Atlantic salmon recovery program receives federal and provincial funding05 November 2016
MIRAMICHI (GNB) – Collaboration for Atlantic Salmon Tomorrow (CAST) will soon be implementing its program to improve Atlantic salmon stocks in the Miramichi and Restigouche rivers, thanks to investments of more than $4.7 million from the provincial and federal governments.
“Your government understands how important creating jobs, growing the economy and securing health care and education are to New Brunswickers and their families,” said Transportation and Infrastructure Minister Bill Fraser, who is also minister responsible for the Northern and Miramichi Funds. “We are proud to partner in this most important research project. Salmon fishing contributes to our provincial economy by creating jobs through expenditures on food and beverages, transportation, accommodations, guiding and other tourism-related spending.”
The funding will help the organization implement the first phase of a comprehensive Atlantic Salmon Recovery Program, which includes three research projects.
“The federal government is pleased to support CAST and its innovative research in an effort to help increase the number of Atlantic salmon returning to our rivers,” said Miramichi-Grand Lake MP Pat Finnigan. “The economic benefits of this project will extend well beyond the immediate fisheries research jobs being created, as a healthy Atlantic salmon population will help draw an increasing number of tourists to the entire region.”
Finnigan attended the event for federal Innovation, Science and Economic Development Minister Navdeep Bains, who is also the minister responsible for the Atlantic Canada Opportunities Agency (ACOA).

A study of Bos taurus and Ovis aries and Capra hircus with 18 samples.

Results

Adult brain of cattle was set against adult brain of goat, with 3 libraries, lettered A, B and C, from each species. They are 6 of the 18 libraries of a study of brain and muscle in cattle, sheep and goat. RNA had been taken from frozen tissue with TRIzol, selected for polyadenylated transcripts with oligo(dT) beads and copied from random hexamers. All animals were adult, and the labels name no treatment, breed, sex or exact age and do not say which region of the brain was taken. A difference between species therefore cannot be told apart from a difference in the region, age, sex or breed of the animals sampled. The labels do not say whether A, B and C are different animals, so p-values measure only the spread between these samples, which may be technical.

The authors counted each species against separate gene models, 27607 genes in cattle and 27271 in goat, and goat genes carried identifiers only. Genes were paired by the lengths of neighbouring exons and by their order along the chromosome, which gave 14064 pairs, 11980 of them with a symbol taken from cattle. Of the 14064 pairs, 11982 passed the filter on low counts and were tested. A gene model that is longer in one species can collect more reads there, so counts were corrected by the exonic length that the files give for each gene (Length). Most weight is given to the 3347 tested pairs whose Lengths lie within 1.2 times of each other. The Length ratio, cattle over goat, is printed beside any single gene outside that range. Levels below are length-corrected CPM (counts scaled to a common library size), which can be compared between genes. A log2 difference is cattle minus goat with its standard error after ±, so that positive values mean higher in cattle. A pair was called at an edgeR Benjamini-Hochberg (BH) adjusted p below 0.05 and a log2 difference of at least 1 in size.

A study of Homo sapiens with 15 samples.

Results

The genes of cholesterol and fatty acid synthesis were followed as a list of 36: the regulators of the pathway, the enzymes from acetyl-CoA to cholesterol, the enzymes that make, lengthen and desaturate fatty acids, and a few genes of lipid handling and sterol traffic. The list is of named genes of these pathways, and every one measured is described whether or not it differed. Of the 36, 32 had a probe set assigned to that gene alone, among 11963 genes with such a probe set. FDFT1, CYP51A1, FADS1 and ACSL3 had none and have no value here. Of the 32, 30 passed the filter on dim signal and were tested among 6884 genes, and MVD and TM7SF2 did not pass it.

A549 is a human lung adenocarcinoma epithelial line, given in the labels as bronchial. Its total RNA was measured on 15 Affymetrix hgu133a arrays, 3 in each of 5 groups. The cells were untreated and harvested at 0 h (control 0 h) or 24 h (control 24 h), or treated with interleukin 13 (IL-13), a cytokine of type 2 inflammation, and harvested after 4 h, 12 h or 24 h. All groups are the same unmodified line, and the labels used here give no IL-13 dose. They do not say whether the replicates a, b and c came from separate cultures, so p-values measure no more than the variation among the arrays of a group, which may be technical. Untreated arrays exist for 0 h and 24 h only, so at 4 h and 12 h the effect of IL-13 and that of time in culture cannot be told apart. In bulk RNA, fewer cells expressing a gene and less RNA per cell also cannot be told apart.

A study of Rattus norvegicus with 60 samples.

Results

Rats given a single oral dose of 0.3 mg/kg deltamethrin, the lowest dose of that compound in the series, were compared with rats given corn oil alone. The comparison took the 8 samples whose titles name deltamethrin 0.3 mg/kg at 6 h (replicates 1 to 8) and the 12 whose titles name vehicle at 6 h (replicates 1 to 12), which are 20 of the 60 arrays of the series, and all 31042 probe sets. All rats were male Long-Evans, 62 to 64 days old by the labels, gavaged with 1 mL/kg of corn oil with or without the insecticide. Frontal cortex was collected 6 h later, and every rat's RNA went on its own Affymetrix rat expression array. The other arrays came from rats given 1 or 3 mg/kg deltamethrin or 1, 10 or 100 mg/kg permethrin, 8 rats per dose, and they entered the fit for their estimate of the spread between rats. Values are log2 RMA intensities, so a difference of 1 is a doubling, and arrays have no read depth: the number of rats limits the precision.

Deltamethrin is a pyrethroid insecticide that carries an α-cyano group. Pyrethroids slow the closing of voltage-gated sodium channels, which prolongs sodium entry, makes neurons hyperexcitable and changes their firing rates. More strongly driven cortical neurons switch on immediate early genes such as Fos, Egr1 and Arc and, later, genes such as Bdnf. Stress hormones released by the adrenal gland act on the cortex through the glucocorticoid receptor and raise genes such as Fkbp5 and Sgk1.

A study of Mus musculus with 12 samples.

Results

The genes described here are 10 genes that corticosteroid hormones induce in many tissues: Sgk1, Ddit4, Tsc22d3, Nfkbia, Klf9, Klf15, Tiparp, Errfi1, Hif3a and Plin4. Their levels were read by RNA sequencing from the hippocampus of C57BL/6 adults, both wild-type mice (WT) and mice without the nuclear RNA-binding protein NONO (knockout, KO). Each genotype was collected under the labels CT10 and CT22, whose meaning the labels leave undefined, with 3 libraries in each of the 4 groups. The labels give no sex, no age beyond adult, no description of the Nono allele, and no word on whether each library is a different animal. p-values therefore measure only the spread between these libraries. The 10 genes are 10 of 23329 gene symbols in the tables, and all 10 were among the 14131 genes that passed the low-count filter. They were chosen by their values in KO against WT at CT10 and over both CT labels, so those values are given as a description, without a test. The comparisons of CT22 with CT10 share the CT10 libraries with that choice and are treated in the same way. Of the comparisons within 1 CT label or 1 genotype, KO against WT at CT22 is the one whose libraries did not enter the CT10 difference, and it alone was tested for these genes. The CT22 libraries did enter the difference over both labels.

The provincial government is investing up to $2.3 million in the project through the Miramichi Regional Economic Development and Innovation Fund. The federal government is providing a non-repayable contribution of up to $2,457,257 through ACOA’s Business Development Program.
If successful, the program could have widespread benefits, potentially serving as a model to help replenish stocks in other Atlantic Canadian and eastern North American rivers that have been gradually declining for 50 years, including regions where the species has been listed as endangered.
“We thank ACOA and the provincial government for their support of the CAST research initiative, a science-based team effort to save wild Atlantic salmon,” said Brian Moore, president of Collaboration for Atlantic Salmon Tomorrow. “Today’s funding contributions are vital to preserving and growing wild Atlantic salmon populations for generations to come.”